BEHIND THE BOOK
A CONVERSATION WITH MARK SPITZER
Lifetime angler and author contemplates ethics and new perspectives on fish in
Monster Fishing: Caught in the Ethics of Angling
... and make sure to read to the bottom for the cutest fish photo ever!
I gave up angling—the core of my identity—for a full year. Monster Fishing encapsulates the ethics and ethos of why I quit: In 2020, I tortured 773 fish that I had to account for personally. So I put myself to the test, which scared the living crap out of me.
Quitting what I love and live for, however, led to tremendous personal growth and a less selfish perspective in which I discovered that identity is only a temporary thing. Identity can also include blinders that keep us from seeing what’s really important, so it must be challenged if the person who has formed it wants to ascend
to the next level.
After my year of not fishing, while transitioning from my beloved
Arkansas to New York state to be with my wife and dog, the unexpected
whammied me. I was diagnosed with cancer and suddenly didn’t have
time to fish. My life became a montage of chemotherapy, doctor visits,
and renovating a 300-year-old farmhouse. I did get out once and caught
a houndshark, a type of dogfish shark I’d never met, and that was a
metaphysical gamechanger. Hoping to start a new fishing life with a
new fishing focus as soon as I kick this shit.
What do you hope readers will come away with after reading your book?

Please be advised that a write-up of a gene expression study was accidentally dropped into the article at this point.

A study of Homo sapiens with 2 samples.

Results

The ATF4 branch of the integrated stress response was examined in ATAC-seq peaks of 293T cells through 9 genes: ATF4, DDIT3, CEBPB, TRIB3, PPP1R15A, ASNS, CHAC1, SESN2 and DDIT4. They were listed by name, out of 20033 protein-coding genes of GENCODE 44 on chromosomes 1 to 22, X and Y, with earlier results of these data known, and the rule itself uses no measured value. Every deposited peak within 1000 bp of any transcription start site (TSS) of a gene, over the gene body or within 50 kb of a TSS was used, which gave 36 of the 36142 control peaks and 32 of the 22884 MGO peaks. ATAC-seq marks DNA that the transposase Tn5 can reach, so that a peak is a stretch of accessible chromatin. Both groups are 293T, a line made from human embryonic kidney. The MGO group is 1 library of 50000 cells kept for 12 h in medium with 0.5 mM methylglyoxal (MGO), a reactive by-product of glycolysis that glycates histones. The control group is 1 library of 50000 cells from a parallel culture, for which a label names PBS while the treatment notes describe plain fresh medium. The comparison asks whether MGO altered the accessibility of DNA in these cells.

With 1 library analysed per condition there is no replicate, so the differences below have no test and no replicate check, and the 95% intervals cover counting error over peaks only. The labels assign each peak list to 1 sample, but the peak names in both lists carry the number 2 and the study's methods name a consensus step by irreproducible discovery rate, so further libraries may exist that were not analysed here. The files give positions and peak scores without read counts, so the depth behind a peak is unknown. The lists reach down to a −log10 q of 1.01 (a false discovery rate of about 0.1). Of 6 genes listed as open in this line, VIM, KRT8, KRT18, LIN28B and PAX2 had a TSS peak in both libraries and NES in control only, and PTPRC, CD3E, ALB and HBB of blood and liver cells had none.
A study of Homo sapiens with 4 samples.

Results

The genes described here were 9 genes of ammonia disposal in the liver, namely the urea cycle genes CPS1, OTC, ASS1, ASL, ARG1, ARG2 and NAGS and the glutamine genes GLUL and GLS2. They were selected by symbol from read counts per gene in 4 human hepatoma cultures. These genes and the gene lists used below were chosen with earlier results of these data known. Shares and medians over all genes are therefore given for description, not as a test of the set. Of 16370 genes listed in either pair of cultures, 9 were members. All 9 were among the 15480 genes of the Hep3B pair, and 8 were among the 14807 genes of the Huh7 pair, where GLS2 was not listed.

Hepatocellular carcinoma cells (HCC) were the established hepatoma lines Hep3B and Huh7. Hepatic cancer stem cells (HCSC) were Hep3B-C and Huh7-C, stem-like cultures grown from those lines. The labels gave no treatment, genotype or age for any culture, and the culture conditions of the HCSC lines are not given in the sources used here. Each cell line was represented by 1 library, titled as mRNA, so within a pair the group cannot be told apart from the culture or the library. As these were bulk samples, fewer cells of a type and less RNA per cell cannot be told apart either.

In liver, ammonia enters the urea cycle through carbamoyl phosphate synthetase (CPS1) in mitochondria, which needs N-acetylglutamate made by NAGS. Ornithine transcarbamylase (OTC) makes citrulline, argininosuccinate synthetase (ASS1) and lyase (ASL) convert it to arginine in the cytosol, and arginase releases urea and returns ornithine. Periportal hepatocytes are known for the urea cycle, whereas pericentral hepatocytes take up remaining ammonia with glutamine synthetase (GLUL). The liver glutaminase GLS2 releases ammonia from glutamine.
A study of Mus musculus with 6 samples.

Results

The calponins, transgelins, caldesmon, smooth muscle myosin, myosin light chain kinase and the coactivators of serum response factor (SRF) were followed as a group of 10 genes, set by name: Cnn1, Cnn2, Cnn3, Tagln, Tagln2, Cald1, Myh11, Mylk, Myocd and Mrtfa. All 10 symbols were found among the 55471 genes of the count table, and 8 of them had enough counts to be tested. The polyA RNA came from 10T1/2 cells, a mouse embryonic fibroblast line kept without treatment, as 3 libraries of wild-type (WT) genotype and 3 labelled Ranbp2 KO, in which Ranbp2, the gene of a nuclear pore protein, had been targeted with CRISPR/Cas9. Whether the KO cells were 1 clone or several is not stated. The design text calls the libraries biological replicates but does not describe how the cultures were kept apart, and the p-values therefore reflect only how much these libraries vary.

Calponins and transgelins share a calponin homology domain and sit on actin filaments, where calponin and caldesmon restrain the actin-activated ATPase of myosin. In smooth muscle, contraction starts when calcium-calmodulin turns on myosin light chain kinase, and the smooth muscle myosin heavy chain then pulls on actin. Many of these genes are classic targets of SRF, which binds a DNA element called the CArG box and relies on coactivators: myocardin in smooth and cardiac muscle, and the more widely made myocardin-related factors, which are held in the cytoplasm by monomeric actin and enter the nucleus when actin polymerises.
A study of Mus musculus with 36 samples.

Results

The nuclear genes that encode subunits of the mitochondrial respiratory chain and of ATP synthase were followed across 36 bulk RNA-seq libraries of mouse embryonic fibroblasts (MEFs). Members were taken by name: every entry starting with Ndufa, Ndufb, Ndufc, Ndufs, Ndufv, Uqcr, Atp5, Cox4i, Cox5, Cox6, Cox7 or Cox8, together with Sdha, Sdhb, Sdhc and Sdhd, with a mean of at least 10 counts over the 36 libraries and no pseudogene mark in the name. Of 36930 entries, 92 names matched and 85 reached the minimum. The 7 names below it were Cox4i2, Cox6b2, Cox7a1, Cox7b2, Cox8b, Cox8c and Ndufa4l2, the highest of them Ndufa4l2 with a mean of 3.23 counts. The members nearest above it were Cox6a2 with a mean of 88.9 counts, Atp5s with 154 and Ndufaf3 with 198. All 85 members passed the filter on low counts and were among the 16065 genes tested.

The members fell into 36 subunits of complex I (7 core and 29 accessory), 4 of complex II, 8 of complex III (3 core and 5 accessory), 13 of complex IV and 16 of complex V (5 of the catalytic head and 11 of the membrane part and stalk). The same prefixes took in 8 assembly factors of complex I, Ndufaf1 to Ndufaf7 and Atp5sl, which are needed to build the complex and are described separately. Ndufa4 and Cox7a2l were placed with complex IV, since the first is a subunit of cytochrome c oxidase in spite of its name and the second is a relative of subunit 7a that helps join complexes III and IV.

That is a fantastic question, and it deserves an answer that is as direct as those I ask in the book. I basically tell readers this is a no-bullshit moment: what’s it gonna be? Are you gonna continue denying what we all deny? Are you gonna do something about what’s nagging at you? Are you gonna continue not being down with what’s reflecting back?
In a perfect world, there’d be no need for this book, so luckily for me it’s an imperfect world with other like minds trying to strike a balance between the damage they’re responsible for and the actions they can take to counterbalance. I’m hoping people connect on a personal level so that the book operates in a grassroots way to provide directions and introspection. But I’m also hoping it hits a communal literary nerve and wows folks into spreading a new monster fishing gospel that’s more conscious of consequences than focused on boasting about trophies.
So that’s it: I’m offering this book as a real-world mirror for taking a look at one’s real-world self and who we really want to be. Are you going to accept this piddly challenge, and if not, why the hell not?
How did you come to know Torrey House Press?
I stumbled upon a description of THP on some publishing-based listing and thought, hey, these guys are kinda like the "Milkweed Editions of the West." Torrey House Press is socially-conscious and they have all these reputable networks and workshops and bookstore connections and interesting authors and innovative ideas. So I sent out a query, and we fell in love.
What's your fondest memory of a monster fish?
One of the fondest memories I have of a fish is told in the Tale of the Cabezon in Monster Fishing. That’s the ultra-grotesque, uber-Gothic, goliath-headed leviathan I hauled from the depths as a kid and my dad landed. If anything, the image I have of that fish is intrinsic to all definitions I have of what is underworldly and bizarre.